Voters surveyed Sunday by The Japan Times in Tokyo said they wanted Prime Minister Junichiro Koizumi to push forward his postal system reforms and voted for candidates in the ruling Liberal Democratic Party, which he heads. But others said they chose opposition candidates because they can’t count on Koizumi’s version of reform.

In Ota Ward, where neighborhoods are dotted with small companies and factories, people said they focused on the postal privatization issue when they voted.

“I voted for a candidate who is for postal privatization because I believe it will be the first step toward overall reforms,” a 36-year-old businessman said.

“I had long voted for the Democratic Party of Japan, but I voted for the Liberal Democratic Party this time because I want the party to stop bureaucrats from wasting money.”

Asked if he thinks the reforms pitched by Koizumi will help improve the economy, he said: “I want politicians to go forward with the structural reforms first. An economic recovery would follow the reforms.”

A 51-year-old local government official said: “The current postal system is out of date. I use a post office only when I send New Year’s cards. Otherwise, I use e-mail.

“I work for a local government, but I believe privatization will improve services, like the privatized Japan Railway.”

The official said he was voting for the LDP for the first time because he supports postal privatization. He said had been always against the LDP.

Others, however, were critical of Koizumi’s reform drive.

“For people in my generation, Mr. Koizumi is very threatening,” said pensioner Yoshiko Sawa, 70. “He is trying to reform too many things at one time.”

She also said she believes the integrity of the current postal system should be maintained, especially the system’s financial operations.

“I had used megabanks, but I started to use post offices to receive my pension. (Post office clerks) are more friendly than those at banks. I can hardly understand the (need for) postal privatization.”

In front of a shrine to the Togenuki Jizo, in the Sugamo shopping district in Toshima Ward, sentiment was largely in favor of Koizumi.

“Koizumi — who else?” asked Sayuri Ota, 78. “I’m voting for Koizumi, and I’m voting for his party.”

A 61-year-old retired executive hailing from Tochigi Prefecture said, “Personally, I would like to save (DPJ leader Katsuya) Okada if I could, but my one vote isn’t strong enough for that.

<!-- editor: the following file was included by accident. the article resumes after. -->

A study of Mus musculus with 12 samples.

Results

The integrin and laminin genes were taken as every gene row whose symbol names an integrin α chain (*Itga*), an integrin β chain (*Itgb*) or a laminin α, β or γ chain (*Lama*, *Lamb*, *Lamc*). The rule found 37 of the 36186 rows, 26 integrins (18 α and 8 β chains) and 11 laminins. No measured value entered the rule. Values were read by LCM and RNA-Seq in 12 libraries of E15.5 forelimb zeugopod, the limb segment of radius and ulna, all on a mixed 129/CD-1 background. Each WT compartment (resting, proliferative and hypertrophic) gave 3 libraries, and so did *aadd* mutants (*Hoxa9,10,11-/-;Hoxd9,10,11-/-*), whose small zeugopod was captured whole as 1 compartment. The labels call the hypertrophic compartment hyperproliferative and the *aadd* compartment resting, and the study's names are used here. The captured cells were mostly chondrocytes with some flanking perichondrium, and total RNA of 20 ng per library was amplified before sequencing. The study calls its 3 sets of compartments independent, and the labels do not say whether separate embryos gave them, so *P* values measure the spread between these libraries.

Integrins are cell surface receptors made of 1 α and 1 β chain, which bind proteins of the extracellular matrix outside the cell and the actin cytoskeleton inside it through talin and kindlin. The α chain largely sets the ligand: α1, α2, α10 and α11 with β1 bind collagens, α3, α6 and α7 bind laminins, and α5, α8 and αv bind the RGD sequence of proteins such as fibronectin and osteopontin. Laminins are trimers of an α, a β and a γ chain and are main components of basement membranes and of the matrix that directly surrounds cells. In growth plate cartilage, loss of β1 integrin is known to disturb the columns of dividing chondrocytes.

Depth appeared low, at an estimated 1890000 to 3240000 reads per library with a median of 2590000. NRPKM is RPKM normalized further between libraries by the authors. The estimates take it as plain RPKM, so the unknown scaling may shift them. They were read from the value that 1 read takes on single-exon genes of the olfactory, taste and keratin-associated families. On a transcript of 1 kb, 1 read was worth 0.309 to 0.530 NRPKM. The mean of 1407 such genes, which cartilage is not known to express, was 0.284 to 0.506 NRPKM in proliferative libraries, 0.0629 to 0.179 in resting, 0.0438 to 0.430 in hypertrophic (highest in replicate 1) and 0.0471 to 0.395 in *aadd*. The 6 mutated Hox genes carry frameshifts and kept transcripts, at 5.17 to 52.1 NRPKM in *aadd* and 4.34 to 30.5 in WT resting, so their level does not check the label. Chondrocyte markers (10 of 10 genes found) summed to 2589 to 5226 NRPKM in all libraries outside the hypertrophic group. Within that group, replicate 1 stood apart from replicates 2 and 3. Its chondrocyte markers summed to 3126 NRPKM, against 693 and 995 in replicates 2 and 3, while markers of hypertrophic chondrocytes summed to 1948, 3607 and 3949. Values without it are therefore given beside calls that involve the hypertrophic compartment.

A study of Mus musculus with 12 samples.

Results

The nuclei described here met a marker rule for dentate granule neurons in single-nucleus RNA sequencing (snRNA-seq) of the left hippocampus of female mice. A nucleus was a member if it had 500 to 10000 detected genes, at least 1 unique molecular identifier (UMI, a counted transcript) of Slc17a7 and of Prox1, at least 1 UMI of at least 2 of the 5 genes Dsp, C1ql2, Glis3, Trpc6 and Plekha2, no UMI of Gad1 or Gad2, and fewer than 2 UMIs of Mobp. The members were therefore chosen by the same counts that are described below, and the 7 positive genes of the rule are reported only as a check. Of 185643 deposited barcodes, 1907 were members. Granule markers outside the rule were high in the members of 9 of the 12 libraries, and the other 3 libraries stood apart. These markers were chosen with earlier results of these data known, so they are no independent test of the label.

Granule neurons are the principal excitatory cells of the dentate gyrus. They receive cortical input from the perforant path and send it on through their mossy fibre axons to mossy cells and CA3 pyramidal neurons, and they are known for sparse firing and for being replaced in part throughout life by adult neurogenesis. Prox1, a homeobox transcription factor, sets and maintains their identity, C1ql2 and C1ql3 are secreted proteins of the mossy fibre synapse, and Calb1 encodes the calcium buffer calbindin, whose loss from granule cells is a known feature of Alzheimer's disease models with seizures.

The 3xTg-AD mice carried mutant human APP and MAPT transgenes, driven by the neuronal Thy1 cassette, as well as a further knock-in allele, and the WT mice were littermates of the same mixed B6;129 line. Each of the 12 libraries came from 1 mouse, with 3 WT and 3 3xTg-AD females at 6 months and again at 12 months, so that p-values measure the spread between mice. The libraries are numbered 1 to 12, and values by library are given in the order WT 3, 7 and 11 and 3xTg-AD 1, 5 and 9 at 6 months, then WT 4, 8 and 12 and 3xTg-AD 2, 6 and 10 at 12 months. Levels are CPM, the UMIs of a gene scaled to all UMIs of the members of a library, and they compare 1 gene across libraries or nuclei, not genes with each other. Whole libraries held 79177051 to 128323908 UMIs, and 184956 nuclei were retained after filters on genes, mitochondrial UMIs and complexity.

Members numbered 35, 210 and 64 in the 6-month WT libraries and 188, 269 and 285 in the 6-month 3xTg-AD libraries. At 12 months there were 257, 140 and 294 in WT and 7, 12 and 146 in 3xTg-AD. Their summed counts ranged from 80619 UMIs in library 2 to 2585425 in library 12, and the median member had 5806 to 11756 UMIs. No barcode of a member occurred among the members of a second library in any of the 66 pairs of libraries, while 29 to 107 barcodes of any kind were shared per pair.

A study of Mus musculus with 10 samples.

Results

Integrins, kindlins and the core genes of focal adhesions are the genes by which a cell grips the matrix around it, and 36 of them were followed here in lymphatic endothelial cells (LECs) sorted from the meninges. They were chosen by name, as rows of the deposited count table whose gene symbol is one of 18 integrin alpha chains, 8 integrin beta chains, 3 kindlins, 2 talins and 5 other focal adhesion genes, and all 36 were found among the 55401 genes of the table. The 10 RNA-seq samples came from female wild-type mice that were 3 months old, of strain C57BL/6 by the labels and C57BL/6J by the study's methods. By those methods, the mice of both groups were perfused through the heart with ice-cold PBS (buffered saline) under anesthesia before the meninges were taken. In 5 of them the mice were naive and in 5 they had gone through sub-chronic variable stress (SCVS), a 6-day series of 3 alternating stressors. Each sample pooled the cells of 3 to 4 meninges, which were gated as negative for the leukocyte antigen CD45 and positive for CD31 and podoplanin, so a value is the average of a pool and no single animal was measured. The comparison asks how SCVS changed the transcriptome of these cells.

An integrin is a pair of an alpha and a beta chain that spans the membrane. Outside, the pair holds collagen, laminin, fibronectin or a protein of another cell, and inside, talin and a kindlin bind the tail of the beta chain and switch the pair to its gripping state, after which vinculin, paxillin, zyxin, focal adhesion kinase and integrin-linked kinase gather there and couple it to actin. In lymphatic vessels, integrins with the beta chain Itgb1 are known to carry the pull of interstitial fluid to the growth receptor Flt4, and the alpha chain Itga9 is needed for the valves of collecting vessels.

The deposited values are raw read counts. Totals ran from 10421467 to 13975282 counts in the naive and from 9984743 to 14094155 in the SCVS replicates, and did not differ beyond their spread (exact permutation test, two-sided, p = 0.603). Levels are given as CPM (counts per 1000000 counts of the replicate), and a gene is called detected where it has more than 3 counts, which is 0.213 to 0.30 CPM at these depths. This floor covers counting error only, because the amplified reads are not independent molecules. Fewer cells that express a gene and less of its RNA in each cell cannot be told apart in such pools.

“Besides, I don’t like to say this out loud, but I’m in favor of higher (income) taxes, now that I don’t have to pay them. I think the LDP has that right.”

Koizumi’s campaign tactics meanwhile had its critics.

“They manipulated the debate so there’s only one issue to vote on — postal privatization,” said a 72-year-old man who disclosed only his last name, Mori.

“I’ll probably vote for Koizumi, but I don’t think it makes a difference who wins, because it’s the bureaucrats who are running the show.”

In Shibuya Ward, where many young people were enjoying the afternoon, interest in the election seemed to have spread and centered on Koizumi’s postal privatization drive.

Tsuyoshi Kurihara, a 25-year-old salaried worker, was meeting up with friends after casting a ballot near his home in Ibaraki Prefecture.

“I believe Koizumi did a good job advertising his campaign in the media, especially catching the eyes of young people,” Kurihara, who voted for the LDP, said.

“His explanation helped me understand what people’s money was being used for. And I have hope that he will make a change.”

In agreement was a 29-year old housewife from Nerima Ward who said she was for privatizing the postal system.

“I think postal workers have been protected too long by the government,” she said. “Being fired is a reality that most people live with. . . . Taxes should be used on other things, not on post office workers who have no will to improve because of their sense of security.”

On the other hand, a 25-year old housewife from Meguro Ward said she voted for the DPJ because she opposes Koizumi’s postal reform.

“I think it would risk the jobs of too many people,” she said, noting that as a mother, her interest lies more in medical insurance, and she favors hiking taxes to secure a stable future.

Takeshi Nishimura, 29, who has always sided with the DPJ, said he would like to see a change of government.

This election, however, Nishimura said he voted for the LDP candidate in his single-seat district and the DPJ for the proportional representation block because of his disappointment over DPJ leader Okada, who had no detailed counterproposals in response to Koizumi’s policies.

“I hope the government can do something to decrease the budget deficit,” Nishimura said. “Because the (financial) burden will fall directly onto our shoulders if nothing is done about this.”